Last week during the General Synod of the Church of England, Bishop Christopher took part in the Archbishops' debate on 'National Divisions'.

The Bishop said:

I’m glad Synod has come to know my companion bishop, Paul Korir from Kapsabet Diocese in Kenya, with his question: ‘Is it well with your soul’?

This debate is about the soul of Britain; and it is not well. The soul of the nation is damaged. I agree with much of the analysis of the symptoms and causes. But I contend that there is a cause we should name more clearly lest we mirror the national debate. It is the damage that we have done to the soul of Europe of which we are – by history and geography, culture and religion – inextricably part.

What love have we shown to our neighbour in Europe? Where in our national debates has been the question: not ‘Is our exiting or our staying in the EU good for us, for our identity and prosperity’ but ‘Is it good for our neighbours who live in next door countries?’.

When have we considered that the loss of the British economy to the EU is the equivalent to 20 smaller nations leaving?

When do we say that No Deal Brexit is morally indefensible because of the toll it will take on ordinary families across the EU whose livelihood it threatens?

Whether Brexit happens or by some strange turn history halts it, the wounds of the war of words that it has unleashed in our land and between our land and the lands of our partners, will need healing. Before the referendum David Cameron is said to have worried about the demons it would let loose. The demons of demeaning the other, the European other, the religious other, the British ethnic other, the British other with whom we disagree about the EU are running wild.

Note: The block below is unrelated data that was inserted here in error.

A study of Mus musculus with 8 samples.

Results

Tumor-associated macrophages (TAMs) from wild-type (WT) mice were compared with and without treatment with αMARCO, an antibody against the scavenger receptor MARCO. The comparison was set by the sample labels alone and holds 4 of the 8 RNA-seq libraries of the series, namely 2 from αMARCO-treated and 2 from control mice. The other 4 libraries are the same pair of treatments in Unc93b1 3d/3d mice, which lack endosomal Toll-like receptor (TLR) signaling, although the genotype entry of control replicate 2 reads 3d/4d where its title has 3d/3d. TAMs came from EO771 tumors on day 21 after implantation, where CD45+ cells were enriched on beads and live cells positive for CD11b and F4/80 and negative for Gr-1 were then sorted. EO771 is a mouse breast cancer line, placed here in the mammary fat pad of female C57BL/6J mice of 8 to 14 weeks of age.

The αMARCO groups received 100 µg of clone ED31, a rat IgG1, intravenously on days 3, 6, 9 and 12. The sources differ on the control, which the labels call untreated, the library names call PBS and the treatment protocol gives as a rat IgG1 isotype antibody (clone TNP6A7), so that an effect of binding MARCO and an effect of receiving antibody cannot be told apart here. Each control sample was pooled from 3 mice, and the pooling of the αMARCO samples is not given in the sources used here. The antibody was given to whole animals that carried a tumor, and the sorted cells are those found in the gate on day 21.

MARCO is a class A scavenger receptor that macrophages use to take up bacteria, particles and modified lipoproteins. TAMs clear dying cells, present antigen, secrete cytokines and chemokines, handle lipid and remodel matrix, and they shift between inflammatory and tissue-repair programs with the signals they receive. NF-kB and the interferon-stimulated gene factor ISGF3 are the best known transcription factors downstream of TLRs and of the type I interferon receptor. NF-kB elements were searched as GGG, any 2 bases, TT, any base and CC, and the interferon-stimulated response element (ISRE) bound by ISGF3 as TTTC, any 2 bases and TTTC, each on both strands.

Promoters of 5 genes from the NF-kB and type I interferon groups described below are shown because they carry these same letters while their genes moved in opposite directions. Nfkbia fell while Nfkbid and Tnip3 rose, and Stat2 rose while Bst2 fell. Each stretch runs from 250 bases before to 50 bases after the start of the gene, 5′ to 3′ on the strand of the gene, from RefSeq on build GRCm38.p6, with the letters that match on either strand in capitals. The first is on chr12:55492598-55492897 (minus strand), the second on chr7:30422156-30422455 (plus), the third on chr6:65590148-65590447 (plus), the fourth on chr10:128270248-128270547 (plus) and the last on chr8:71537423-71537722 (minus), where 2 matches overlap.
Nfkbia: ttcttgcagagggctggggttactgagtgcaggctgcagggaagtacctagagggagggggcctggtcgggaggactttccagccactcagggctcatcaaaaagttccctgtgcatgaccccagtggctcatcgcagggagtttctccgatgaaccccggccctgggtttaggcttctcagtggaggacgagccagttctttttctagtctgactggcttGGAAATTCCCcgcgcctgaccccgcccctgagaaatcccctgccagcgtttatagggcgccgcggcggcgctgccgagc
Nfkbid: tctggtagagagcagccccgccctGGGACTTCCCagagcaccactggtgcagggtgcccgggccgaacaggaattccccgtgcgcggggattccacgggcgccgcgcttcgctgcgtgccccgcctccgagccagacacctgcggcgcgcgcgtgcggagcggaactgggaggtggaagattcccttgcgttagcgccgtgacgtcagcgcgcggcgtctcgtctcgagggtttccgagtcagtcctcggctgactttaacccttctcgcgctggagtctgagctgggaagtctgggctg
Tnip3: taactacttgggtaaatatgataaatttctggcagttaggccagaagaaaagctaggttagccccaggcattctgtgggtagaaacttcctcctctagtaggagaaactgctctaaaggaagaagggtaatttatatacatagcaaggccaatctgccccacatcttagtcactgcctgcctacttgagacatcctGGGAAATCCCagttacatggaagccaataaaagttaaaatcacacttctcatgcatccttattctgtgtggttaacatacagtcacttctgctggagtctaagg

This summer one of our children married a wonderful German woman in the ruins of Coventry cathedral. In a sacred place desecrated by war and destroyed by hatred they vowed in English and German to love each other. Their great grand-fathers fought in the first world war. Their grandfathers in the second. Their fathers grew up when that war still cast its long shadow. As their generation danced the night away on a summer’s night in Coventry, I saw that they have a new challenge.

And that’s to demonstrate that there is a deeper union beyond the contractual arrangements of our membership of the EU that binds the nations of Europe together in a covenant of common life and purpose.

In June 2016 the city of Dresden was in the middle of a British themed festival. When the result of the referendum came through, the revellers sang, ‘You say good bye, we say hello’.

For the sake of the soul of Europe and the soul of Britain, the leadership of our nation – even in the heat of last-minute negotiations – needs to retune to that same key of generosity: the gospel key of loving our neighbours as ourselves. The key that opens the door to reconciled relationships. The key that unlocks the true calling of a godly nation – to be a blessing to others.

To find out more about what happened at the General Synod click here.